XIV. THAT DECEITFUL JUG

UNCLE REMUS was in good humor one evening recently when he dropped casually into the editorial room of "The Constitution," as has been his custom for the past year or two. He had a bag slung across his shoulder, and in the bag was a jug. The presence of this humble but useful vessel in Uncle Remus's bag was made the occasion for several suggestive jokes at his expense by the members of the staff, but the old man's good humor was proof against all insinuations.

"Dat ar jug's bin ter wab, mon. Hit's wunner deze yer ole timers. I got dat jug down dar in Putmon County w'en Mars 'Lisha Ferryman wuz a young man, an' now he's done growed up, an' got ole an' died, an' his chilluns is growed up an' dey kin count dere gran'chilluns, an' yit dar's dat jug des ez lively an' ez lierbul fer ter kick up devilment ez w'at she wuz w'en she come fum de foundry."

"That's the trouble," said one of the young men. "That's the reason we'd like to know what's in it now.

"Now youer gittin' on ma'shy groun'," replied Uncle Remus. "Dat's de p'int. Dat's w'at make me say w'at I duz. I bin knowin' dat jug now gwine on sixty-fi' year, an' de jug w'at's more seetful dan dat jug ain't on de topside er de worrul. Dar she sets," continued the old man, gazing at it reflectively, "dar she sets dez ez natchul ez er ambertype, an' yit whar's de man w'at kin tell w'at kinder confab she's a gwineter carry on w'en dat corn-cob is snatched outen 'er mouf? Dat jug is mighty seetful, mon."

"Well, it don't deceive any of us up here," remarked the agricultural editor, dryly. "We've seen jugs before."

"I boun' you is, boss; I boun' you is. But you ain't seed no seetful jug like dat. Dar she sets a bellyin' out an' lookin' mighty fat an' full, an' yit she'd set dar a bellyin' out ef dere wuzent nuthin' but win' under dat stopper. You knows dat she ain't got no aigs in her, ner no bacon, ner no grits, ner no termartusses, ner no shellotes, an' dat's 'bout all you duz know. Dog my cats ef de seetfulness er dat jug don't git away wid me, continued Uncle Remus, with a chuckle. "I wuz comm' 'cross de bridge des now, an' Brer John Henry seed me wid de bag slung onter my back, an' de jug in it, an' he ups an' sez, sezee:

Heyo, Brer Remus, ain't it gittin' late for watermillions?'

"Hit wuz de seetfulness er dat jug. If Brer John Henry know'd de color er dat watermillion, I speck he'd snatch me up 'fo' de confunce. I 'clar' ter grashus ef dat jug ain't a caution!"

"I suppose it's full of molasses now," remarked one of the young men, sarcastically.

"Hear dat!" exclaimed Uncle Remus, triumphantly -'hear dat! W'at I tell you? I sed dat jug wuz seetful, an' I sticks to it. I bin knowin' dat-"

"What has it got in it?" broke in some one; "molasses, kerosene, or train-oil?"

"Well, I lay she's loaded, boss. I ain't shuk her up sence I drapt in, but I lay she's loaded."

"Yes," said the agricultural editor, "and it's the meanest bug-juice in town-regular sorghum skimmings."

"Dat's needer yer ner dar," responded Uncle Remus. "Po' fokes better be fixin' up for Chrismus now w'ile rashuns is cheap. Dat's me. W'en I year Miss Sally gwine 'bout de house w'isslin' 'W'en I k'n Read my Titles Cier'-an' w'en I see de martins swawmin' atter sundown-an' w'en I year de peckerwoods confabbin' togedder dese moonshiny nights in my een er town-en I knows de hot wedder's a breakin' up, an' I know it's 'bout time fer po' fokes fer ter be rastlin' 'roun' and huntin' up dere rashuns. Dat's me, up an down."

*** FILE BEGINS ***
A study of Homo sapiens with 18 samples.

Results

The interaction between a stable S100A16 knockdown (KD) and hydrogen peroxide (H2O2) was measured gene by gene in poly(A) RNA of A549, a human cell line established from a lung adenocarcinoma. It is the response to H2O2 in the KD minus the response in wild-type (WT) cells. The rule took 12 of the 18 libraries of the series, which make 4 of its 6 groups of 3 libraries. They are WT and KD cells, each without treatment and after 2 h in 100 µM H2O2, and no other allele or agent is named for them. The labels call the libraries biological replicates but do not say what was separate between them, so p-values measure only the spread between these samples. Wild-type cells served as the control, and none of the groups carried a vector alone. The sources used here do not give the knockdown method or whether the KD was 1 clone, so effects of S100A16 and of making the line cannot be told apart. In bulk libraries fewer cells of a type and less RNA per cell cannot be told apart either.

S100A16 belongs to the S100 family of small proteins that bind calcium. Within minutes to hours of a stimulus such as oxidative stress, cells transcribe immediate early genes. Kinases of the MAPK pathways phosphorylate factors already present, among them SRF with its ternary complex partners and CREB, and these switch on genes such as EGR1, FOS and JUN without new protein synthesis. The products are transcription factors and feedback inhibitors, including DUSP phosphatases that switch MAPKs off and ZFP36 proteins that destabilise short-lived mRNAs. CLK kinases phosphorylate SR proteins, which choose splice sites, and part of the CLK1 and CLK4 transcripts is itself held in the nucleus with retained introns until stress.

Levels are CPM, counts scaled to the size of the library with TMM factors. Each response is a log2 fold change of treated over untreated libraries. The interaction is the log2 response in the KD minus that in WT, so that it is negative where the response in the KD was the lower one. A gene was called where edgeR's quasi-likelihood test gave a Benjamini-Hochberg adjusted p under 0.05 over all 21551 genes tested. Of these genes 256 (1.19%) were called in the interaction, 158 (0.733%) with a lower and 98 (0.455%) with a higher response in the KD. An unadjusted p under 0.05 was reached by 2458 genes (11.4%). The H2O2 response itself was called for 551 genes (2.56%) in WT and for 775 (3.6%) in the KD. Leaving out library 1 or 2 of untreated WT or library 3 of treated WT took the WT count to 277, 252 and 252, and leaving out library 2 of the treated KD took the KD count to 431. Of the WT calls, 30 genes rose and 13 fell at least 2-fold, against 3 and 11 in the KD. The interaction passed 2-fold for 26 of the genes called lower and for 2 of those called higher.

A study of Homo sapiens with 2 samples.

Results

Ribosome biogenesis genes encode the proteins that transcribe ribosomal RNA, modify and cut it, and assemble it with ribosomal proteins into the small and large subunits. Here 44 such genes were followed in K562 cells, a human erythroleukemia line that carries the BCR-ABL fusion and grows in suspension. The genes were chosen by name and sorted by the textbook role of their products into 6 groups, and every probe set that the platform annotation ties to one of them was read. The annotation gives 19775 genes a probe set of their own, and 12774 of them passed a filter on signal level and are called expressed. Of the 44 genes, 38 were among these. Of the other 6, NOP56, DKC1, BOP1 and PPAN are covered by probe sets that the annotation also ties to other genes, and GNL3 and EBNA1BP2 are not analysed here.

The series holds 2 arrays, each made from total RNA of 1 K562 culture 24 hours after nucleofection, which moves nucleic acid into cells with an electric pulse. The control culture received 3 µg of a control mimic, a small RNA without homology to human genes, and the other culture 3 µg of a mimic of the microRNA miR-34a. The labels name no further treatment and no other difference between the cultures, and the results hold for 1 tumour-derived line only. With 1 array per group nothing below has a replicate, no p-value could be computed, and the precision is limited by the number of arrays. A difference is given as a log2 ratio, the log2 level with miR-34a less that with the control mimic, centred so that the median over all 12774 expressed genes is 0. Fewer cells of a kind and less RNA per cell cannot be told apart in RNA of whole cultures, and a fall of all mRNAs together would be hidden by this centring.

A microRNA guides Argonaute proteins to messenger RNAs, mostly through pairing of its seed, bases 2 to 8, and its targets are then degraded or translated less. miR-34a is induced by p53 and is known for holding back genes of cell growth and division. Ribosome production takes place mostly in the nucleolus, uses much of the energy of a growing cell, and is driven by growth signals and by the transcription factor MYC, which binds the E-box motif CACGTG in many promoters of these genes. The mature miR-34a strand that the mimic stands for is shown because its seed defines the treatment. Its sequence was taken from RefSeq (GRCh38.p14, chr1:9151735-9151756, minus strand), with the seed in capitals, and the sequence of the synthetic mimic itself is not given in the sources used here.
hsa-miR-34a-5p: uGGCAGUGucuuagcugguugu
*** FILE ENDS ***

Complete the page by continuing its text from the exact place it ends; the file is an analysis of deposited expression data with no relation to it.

"Well, we are satisfied. Better go and hire a hall," remarked the sporting editor, with a yawn. "If you are engaged in a talking match you have won the money. Blanket him somebody, and take him to the stable."

"An' w'at's mo'," continued the old man, scorning to notice the insinuation, "dough I year Miss Sally w'isslin', an' de peckerwoods a chatterin', I ain't seein' none er deze yer loafin' niggers fixin' up fer ter 'migrate. Dey kin holler Kansas all 'roun' de naberhood, but ceppin' a man come 'long an' spell it wid greenbacks, he don't ketch none er deze yer town niggers. You year me, dey ain't gwine."

"Stand him up on the table," said the Sporting editor; "give him room."

"Better go down yer ter de calaboose, an' git some news fer ter print," said Uncle Remus, with a touch of irony in his tone. "Some new nigger mighter broke inter jail."

"You say the darkeys are not going to emigrate this year?" inquired the agricultural editor, who is interested in these things.

"Shoo! dat dey ain't! I done seed an' I knows."

"Well, how do you know?"

"How you tell w'en crow gwineter light? Niggers bin prom'nadin' by my house all dis summer, holdin' dere heads high up an' de w'ites er dere eyeballs shinin' in de sun. Dey wuz too bigitty fer ter look over de gyardin' palm's. 'Long 'bout den de wedder wuz fetchin' de nat'al sperrits er turkentime outen de pine-trees an' de groun' wuz fa'rly smokin' wid de hotness. Now that it's gittin' sorter airish in de mornin's, dey don't 'pear like de same niggers. Dey done got so dey'll look over in de yard, an' nex' news you know dey'll be tryin' fer ter scrape up 'quaintence wid de dog. W'en dey passes now dey looks at de chicken-coop an' at der tater-patch. W'en you see niggers gittin' dat familious, you kin 'pen' on dere campin' wid you de ballunce er de season. Day 'fo' yistiddy I kotch one un um lookin' over de fence at my shoats, an' I sez, sez I:

'Duz you wanter purchis dem hogs?'

"'Oh, no,' sezee, 'I wuz des lookin' at dere p'ints.'

"'Well, dey ain't p'intin' yo' way, sez I, 'an', fuddermo', ef you don't bodder longer dem hogs dey ain't gwineter clime outer dat pen an' 'tack you, nudder,'" sez I.

"An' I boun'," continued Uncle Remus, driving the corn-cob stopper a little tighter in his deceitful jug and gathering up his bag-"an' I boun' dat my ole muskitil go off 'tween me an' dat same nigger yit, an' he'll be at de bad een', an' dis seetful jug'll 'fuse ter go ter de funer'l."